The U.S. Supreme Court refused Nov. 25 to once again consider whether Congress is disregarding a long-held legal doctrine and giving too much power to federal agencies.
Last term a short-handed Supreme Court refused to reinvigorate the “non-delegation doctrine,” which prohibits lawmakers from effectively passing off their legislative authority to another branch of government. The doctrine was used to upend New Deal legislation in the 1930s, but has been dormant since.
Conservatives and libertarians eager to dismantle the so-called administrative state are eager for the court to find that Congress has violated separation of powers and to curb executive authority.
But the justices refused to take up Ronald Paul’s and Arnold Caldwell’s appeals, who each claim that Congress violated the doctrine when it delegated to the attorney general the decision of whether sex offender registry laws should apply retroactively to those who were convicted of sex crimes before the reporting requirements were enacted.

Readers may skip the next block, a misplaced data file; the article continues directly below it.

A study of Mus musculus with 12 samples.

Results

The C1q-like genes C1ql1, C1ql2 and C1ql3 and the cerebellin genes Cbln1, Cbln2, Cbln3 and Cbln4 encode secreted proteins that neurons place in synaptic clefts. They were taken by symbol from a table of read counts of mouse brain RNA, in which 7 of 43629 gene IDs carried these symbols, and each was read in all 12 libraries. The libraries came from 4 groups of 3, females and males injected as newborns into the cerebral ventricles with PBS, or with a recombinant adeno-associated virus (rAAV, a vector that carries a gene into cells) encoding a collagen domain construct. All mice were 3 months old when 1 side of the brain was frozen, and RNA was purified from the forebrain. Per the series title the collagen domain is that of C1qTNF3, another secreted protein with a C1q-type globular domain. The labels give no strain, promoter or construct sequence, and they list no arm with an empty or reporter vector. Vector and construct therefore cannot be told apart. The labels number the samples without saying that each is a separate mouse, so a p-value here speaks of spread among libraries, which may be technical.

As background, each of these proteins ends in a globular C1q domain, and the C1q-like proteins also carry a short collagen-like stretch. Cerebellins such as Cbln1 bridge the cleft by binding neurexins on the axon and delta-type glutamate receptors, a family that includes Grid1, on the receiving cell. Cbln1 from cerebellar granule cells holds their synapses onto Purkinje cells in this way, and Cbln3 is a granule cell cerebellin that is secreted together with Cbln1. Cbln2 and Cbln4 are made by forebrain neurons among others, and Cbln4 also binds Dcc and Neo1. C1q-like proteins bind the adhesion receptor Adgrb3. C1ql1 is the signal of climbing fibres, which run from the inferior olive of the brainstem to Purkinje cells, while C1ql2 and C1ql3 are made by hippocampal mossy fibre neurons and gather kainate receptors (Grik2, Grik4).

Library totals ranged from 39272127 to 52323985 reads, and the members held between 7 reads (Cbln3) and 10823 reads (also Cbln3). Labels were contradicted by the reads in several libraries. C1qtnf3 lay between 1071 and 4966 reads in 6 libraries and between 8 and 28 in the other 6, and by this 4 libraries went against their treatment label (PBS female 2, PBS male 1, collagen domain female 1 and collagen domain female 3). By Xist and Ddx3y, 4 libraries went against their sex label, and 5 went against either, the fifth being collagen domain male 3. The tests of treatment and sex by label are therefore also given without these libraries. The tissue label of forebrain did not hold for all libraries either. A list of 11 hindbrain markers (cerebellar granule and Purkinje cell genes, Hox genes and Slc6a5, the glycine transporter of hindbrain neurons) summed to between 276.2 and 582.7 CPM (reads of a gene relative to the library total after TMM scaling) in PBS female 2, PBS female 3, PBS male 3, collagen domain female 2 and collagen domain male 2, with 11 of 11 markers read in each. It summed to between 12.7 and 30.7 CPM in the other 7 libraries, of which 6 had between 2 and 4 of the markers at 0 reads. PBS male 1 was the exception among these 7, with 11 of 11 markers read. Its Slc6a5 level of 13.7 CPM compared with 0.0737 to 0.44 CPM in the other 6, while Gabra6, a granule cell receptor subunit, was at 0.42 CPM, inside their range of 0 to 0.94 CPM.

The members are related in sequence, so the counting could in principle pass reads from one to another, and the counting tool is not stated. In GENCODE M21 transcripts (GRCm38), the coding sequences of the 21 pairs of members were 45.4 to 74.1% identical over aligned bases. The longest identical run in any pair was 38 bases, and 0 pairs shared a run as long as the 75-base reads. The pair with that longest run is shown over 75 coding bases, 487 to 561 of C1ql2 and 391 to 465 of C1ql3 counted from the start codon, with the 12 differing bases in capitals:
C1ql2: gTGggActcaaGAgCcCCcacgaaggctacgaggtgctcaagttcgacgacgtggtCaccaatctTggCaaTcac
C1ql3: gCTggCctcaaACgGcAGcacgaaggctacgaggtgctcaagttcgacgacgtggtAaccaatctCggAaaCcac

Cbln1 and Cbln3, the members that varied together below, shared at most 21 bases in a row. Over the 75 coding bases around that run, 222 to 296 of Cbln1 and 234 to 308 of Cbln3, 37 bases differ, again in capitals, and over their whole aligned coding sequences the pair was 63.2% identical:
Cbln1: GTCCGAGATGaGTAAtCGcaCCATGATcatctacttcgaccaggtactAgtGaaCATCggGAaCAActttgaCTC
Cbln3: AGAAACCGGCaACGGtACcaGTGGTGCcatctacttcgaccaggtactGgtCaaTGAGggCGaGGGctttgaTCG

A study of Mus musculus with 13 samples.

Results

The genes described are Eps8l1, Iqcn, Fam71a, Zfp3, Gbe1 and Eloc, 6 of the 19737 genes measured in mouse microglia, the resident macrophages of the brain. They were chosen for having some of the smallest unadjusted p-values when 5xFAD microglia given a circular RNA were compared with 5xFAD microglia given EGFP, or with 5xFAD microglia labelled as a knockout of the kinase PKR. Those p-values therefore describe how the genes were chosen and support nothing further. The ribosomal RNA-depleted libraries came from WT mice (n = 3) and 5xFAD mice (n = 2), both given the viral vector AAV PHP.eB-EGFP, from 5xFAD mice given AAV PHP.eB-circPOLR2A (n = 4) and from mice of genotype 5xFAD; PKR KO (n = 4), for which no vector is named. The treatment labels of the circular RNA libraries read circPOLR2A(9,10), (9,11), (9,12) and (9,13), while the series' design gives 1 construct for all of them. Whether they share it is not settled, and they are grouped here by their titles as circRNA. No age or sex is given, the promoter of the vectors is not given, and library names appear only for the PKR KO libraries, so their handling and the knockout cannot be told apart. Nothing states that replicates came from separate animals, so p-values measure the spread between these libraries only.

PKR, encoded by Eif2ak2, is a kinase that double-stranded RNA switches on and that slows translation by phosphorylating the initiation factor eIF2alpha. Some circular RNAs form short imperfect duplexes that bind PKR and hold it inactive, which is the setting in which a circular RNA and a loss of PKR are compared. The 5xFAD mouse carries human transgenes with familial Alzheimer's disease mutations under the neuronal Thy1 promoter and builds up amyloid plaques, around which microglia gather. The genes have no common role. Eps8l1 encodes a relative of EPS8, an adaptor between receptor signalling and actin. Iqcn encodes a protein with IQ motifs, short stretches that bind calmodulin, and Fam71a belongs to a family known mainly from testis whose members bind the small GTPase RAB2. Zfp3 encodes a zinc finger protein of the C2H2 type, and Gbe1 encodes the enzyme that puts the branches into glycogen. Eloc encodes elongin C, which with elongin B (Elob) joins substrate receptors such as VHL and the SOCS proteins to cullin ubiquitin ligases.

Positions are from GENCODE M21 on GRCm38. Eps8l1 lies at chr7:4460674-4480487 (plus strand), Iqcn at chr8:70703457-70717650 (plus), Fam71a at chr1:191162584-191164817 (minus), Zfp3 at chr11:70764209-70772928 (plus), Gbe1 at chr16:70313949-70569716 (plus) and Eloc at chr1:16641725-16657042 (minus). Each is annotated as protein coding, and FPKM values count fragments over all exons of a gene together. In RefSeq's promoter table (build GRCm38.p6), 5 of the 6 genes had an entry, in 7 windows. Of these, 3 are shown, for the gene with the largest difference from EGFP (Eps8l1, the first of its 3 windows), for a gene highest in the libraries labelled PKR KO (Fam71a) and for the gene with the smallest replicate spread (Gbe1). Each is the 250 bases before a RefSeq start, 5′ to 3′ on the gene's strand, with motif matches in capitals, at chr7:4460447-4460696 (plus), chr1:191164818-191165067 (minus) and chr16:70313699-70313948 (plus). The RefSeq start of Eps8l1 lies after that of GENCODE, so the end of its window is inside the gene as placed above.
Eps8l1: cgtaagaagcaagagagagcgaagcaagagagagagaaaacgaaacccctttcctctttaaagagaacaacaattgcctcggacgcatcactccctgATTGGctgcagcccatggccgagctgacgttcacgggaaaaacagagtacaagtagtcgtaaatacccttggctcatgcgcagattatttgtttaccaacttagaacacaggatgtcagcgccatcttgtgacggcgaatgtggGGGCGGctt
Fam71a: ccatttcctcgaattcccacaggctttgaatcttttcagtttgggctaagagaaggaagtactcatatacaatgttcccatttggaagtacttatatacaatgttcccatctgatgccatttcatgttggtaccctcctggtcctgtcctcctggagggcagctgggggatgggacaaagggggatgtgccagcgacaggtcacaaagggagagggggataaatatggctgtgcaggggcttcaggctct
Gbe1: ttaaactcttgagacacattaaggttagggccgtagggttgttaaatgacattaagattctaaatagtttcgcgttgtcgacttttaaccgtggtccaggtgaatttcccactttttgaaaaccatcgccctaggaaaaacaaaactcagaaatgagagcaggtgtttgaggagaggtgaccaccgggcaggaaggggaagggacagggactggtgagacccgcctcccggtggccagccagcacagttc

Justice Brett Kavanaugh wrote a statement respecting the denial in Paul saying that the court may want to reconsider the non-delegation doctrine in a future case.
Kavanaugh was embroiled in controversy surrounding his Senate confirmation hearings when the issue was argued at the court last term and had not yet taken his seat.
His statement suggests the issue may come back to the court in a future term.
The justices separately turned away a long-pending request to reconsider last term’s case, Gundy v. United States.
The eight-member court came to a splintered result. Although Justice Samuel Alito agreed with the result in Gundy, he said he would be “willing to reconsider the approach we have taken for the past 84 years” towards the non-delegation doctrine.